Lagoon Cove

We’re really in the wilderness. We see very few boats, next to no buildings along the shore, very few aids to navigation, no cars, no electric wires. Nights spinning around on anchor particularly in a wider, wilder expanses of water beg to be tempered with a bit of company, both traveling mariners and landbased ones.

So we’ve enjoyed two days of camaradie at a tiny and well run marina – Lagoon Cove. The marinas that serve recreational cruisers in these parts are all former fishing villages or logging camps. Bill Barber escaped a career in advertising to buy the site and turn it into the most convivial spot in the area. There’s a boathouse on the wharf where folks gather for pot luck hors d’oeuvres. We showed up with whatever pathetic nibbles we could find on board and our host Bill and his wife Jean put out huge platters of freshly caught, steaming hot bright red prawns. Best of all, Bill is an expert storyteller whose favorite topic is bears and preferred performance space is around the campfire in front of his bungalow on the bluff overlooking the cove. The true story of the suicidal bear learning to waterski was worth the trip.

Although Lagoon Cove has no grocery or restaurant, there is a fuel dock, which attracts its share of gas guzzlers. Most folks agreed that this was the year for sailboats and large boats. The cost of diesel was keeping away the family cruisers in smaller power boats. (One impressive exception was a young couple with dog, from Alberta, of all places. They’d trailered a twenty-something foot Bayliner to Vancouver and were having a great time setting up their kitchen on the dock and learning fishing from the coastal people.) Our big boat neighbors included Cadenza, a 76 foot, six deck cruiser out of Seattle with a crew of three looking after a couple in their 60s, possibly honeymooners. The vessel behind us was built in 1944 and had served Canadian Navy stations along the coast before being bought by a couple of wooden boat fanatics. (Yep, these two boats are so big you can hardly see the skippers as they chat while tying up Mediterranean style – stern to dock and rafted.)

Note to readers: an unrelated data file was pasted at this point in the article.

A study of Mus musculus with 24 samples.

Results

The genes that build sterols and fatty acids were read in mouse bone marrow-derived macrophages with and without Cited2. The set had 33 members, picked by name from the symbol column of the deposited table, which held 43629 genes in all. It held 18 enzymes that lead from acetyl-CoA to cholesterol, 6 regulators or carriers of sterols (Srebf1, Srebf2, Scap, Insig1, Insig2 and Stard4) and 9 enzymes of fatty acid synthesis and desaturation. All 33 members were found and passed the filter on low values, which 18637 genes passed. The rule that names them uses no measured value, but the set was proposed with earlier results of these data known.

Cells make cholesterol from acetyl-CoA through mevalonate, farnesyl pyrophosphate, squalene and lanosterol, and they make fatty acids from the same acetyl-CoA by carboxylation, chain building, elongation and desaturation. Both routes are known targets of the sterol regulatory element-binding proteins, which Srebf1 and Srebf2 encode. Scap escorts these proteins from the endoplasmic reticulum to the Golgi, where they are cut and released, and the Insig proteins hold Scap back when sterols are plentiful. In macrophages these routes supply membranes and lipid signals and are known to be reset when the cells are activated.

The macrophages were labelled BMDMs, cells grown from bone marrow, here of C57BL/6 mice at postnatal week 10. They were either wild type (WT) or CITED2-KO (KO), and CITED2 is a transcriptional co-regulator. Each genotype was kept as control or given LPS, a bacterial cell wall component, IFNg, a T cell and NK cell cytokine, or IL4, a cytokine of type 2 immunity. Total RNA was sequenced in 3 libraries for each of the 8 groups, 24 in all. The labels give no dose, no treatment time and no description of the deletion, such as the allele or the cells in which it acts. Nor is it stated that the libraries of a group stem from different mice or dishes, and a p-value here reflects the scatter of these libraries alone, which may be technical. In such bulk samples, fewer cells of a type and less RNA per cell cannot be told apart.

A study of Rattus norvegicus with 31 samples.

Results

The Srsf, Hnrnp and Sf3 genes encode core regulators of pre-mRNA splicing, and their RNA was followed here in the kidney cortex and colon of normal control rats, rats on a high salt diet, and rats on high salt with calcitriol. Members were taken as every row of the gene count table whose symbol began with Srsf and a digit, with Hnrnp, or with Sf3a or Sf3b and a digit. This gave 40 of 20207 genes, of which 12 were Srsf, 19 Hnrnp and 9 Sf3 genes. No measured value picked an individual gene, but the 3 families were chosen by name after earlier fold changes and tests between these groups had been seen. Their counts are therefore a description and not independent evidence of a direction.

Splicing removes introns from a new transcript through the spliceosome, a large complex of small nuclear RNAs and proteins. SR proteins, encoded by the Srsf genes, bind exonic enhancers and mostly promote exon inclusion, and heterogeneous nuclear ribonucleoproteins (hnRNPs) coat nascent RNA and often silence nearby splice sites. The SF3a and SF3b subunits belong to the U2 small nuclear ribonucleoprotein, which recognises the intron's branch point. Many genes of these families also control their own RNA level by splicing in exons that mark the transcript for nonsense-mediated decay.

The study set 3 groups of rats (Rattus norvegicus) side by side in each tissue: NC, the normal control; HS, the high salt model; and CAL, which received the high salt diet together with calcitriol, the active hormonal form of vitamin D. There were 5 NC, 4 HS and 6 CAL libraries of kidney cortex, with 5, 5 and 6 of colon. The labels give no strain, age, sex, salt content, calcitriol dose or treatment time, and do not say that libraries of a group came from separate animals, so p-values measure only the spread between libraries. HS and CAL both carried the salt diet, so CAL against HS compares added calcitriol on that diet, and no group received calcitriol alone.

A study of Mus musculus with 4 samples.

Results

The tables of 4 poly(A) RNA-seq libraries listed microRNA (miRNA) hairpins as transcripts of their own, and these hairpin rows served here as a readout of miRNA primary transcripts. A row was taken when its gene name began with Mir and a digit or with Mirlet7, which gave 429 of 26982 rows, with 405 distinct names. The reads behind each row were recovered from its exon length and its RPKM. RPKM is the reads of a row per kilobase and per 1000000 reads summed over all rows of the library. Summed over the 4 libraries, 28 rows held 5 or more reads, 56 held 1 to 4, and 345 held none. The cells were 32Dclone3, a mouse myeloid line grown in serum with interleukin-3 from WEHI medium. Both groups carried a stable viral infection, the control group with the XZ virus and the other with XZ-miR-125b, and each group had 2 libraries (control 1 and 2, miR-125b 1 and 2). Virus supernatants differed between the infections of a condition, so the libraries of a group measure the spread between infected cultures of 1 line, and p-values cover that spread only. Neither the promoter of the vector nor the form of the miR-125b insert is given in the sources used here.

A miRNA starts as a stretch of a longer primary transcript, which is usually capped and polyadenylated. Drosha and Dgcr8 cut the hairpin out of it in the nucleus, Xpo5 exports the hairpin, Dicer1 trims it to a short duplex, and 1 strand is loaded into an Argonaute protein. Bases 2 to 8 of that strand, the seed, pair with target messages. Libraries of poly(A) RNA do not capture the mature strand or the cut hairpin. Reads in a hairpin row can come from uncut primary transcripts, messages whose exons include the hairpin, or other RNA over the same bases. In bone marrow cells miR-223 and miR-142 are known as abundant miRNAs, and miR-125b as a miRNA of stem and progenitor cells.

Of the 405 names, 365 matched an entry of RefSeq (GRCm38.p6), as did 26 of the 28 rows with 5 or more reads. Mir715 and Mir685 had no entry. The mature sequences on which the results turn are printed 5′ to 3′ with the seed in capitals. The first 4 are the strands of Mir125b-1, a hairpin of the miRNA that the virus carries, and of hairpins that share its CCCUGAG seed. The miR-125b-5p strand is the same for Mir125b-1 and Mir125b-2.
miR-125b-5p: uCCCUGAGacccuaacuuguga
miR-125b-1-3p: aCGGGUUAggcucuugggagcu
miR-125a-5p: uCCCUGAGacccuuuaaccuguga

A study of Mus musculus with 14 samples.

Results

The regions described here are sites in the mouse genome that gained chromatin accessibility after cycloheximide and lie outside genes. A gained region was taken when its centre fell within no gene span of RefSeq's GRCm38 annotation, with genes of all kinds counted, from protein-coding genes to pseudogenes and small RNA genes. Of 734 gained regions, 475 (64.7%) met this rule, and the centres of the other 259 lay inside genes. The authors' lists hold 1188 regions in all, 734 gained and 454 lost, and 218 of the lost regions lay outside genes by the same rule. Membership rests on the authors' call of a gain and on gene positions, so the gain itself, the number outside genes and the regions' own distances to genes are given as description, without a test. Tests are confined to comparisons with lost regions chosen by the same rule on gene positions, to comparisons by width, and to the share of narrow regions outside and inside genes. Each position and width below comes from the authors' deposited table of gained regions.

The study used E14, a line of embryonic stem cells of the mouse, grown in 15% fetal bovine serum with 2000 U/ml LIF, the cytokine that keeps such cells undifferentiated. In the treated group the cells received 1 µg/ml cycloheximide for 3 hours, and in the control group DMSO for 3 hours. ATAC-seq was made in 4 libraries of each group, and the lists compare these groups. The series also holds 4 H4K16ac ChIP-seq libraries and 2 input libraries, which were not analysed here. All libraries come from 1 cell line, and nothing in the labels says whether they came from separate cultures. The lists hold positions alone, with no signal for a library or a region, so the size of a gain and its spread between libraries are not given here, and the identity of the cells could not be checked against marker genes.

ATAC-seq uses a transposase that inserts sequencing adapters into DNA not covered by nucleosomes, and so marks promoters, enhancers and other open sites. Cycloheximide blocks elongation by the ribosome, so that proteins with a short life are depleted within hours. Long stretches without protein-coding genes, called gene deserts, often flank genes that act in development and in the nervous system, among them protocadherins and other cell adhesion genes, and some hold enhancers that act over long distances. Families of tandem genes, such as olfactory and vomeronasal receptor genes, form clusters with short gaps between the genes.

This morning when we wanted to move to let the bigger boats out, Aurora wouldn’t start. This was our first problem of this sort ever. But we were in the right place at the right time and Bob came to the rescue. Bob and Pat, a talented couple from Port McNeill who live aboard Tonga, an old wooden fishing boat, and work at Lagoon Cove. In the afternoon we spent a couple of hours with Bob leaning how to check out the wires leading into the starter motor selenoid and tighten the belt that charges the alternator.


Author: Carol McCreary

10 Inside Passages to Alaska. 10,000 miles. 10,000 hours on the S/V Aurora. This is the story of how Jack and I took up sailing late in life and are now finally getting the hang of it.